In a moving statement released in the wake of the Supreme Court Justice's death on Sep. 18, Meghan Markle encouraged people to honor Ruth Bader Ginsburg with their actions going forward, according to Town & Country. The Supreme Court announced that Justice Ginsburg had died at the age of 87 due to complications related to "metastatic pancreas cancer," after serving on the Court for nearly three decades.
Over the course of her career, Ginsburg was a leader in the fight for women's rights, frequently arguing for equality for women under the law, as well as supporting the Equal Rights Amendment in order to establish equal rights for all Americans, regardless of sex or gender. Like many other celebrities and political figures, Markle celebrated Ginsburg's legacy and tireless dedication to ensuring that men and women have equal rights in the eyes of the law by encouraging people to follow in the Justice's footsteps.
"With an incomparable and indelible legacy, Ruth Bader Ginsburg will forever be known as a woman of brilliance, a Justice of courage, and a human of deep conviction," she said in a statement that was shared by her representatives on Sep. 19. "She has been a true inspiration to me since I was a girl." Markle concluded her statement with a call to action, telling people to "honor her, remember her [and] act for her" going forward.
Markle herself has long followed in Ginsburg's footsteps in the fight for women's rights and equality for men and women; when she was just 11-years-old, the former Suits star famously wrote a letter to Proctor & Gamble in response to a commercial that she felt was sexist. After watching an Ivory dish soap ad in school, Markle took issue with the fact that the script included the statement that "women are fighting greasy pots and pans," and suggested that they instead replace the word "women" with "people" — and Proctor & Gamble did just that. "I don't think it's right for kids to grow up thinking these things where just mom does everything," she said during a 1993 appearance on Nick News with Linda Ellerbee. "It's always, 'mom does this, and mom does that.'" (1993 also happens to be the year that Ginsburg was sworn in as a Supreme Court Justice.)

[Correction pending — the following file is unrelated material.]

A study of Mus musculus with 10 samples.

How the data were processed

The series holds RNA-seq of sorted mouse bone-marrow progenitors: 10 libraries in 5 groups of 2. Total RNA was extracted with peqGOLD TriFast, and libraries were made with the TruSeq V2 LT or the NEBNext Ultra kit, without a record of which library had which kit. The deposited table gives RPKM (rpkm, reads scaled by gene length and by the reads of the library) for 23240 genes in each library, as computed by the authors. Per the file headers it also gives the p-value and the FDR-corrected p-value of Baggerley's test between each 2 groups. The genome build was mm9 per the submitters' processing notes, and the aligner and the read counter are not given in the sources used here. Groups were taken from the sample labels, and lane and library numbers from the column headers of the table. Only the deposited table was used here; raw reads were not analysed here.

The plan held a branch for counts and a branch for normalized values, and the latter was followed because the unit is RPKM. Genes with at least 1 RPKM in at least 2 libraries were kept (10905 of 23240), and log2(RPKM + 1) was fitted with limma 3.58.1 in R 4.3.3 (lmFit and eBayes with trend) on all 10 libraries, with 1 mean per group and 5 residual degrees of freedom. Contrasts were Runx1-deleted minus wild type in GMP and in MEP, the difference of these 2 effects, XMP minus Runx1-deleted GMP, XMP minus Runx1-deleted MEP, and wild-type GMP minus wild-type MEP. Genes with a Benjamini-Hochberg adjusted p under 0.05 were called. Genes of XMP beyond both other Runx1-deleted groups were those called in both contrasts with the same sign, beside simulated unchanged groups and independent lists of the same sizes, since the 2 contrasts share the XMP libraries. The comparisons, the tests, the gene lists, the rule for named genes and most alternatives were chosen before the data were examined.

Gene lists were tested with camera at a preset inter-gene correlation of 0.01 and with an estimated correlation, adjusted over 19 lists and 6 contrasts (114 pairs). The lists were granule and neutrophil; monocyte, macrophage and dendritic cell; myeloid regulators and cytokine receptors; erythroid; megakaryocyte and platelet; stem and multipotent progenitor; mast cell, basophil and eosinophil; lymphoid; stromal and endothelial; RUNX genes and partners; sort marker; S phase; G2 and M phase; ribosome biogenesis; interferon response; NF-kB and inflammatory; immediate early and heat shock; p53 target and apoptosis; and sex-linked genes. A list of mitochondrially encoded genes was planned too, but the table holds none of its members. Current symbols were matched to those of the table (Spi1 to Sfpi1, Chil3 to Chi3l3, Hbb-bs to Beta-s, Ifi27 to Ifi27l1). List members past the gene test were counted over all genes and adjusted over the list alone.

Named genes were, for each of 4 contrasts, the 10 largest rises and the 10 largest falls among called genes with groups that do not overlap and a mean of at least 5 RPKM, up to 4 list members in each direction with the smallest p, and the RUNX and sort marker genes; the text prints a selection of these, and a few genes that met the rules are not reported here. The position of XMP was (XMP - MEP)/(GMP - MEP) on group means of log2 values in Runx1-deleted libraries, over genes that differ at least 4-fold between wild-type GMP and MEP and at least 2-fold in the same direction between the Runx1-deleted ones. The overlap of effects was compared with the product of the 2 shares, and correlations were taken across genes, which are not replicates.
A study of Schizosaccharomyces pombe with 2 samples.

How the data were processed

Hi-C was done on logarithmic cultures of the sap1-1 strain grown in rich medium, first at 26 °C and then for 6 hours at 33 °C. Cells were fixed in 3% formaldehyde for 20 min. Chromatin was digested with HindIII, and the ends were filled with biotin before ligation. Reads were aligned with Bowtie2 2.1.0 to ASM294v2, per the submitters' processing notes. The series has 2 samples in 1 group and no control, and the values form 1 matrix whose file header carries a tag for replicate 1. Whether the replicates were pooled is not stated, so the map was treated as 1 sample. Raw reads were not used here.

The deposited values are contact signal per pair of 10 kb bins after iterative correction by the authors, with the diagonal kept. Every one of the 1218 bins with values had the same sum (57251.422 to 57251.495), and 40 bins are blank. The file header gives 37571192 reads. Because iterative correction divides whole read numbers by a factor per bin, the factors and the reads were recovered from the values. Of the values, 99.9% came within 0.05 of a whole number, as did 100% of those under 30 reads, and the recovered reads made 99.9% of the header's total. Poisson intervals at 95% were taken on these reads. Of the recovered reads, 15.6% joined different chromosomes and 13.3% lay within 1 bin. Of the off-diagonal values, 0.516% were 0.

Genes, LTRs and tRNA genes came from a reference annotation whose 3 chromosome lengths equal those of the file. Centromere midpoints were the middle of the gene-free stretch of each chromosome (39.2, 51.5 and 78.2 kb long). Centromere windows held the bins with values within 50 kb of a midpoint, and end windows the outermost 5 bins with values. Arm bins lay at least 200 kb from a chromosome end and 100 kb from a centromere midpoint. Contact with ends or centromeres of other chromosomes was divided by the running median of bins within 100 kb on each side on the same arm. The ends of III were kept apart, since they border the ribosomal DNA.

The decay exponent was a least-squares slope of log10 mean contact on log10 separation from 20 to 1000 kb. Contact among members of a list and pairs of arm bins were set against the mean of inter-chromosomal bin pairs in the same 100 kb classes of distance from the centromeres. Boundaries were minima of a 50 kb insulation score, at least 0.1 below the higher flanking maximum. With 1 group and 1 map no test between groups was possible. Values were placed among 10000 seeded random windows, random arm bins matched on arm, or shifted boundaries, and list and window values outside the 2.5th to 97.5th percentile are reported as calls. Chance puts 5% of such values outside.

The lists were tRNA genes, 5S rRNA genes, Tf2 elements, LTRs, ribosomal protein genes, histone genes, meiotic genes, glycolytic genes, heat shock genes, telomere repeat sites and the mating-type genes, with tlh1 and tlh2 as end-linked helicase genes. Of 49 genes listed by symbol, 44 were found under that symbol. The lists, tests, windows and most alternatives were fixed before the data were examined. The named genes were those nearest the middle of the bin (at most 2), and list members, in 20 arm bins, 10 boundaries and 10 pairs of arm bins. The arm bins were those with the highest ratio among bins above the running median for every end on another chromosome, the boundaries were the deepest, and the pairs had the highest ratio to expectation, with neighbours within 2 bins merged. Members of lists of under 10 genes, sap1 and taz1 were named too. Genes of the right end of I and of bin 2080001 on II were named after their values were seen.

In 2015, Markle gave a speech at the United Nations reflecting on that experience and the way it taught her to use her voice to fight for equality. "It was at that moment that I realized the magnitude of my actions. At the age of 11, I had created my small level of impact by standing up for equality," she said at the time. "[We need to] mobilize girls and women to see their values as leaders and to support them in these efforts. ... In doing this, we remind girls that their small voices are in fact, not small at all, and that they can affect change."
While she used her platform as the Duchess of Sussex to fight for equal rights by championing the importance of girls' education and supporting the Time's Up and #MeToo movements, Markle has also hinted that she plans to be even more outspoken in the fight for racial and gender equality now that she and Prince Harry have stepped down as Senior Royals. "From my standpoint, it's not new to see this undercurrent of racism and certainly unconscious bias, but I think to see the changes that are being made right now is really — it's something I look forward to being a part of," she said during an August interview with 19th News. "And being part of using my voice in a way that I haven’t been able to of late."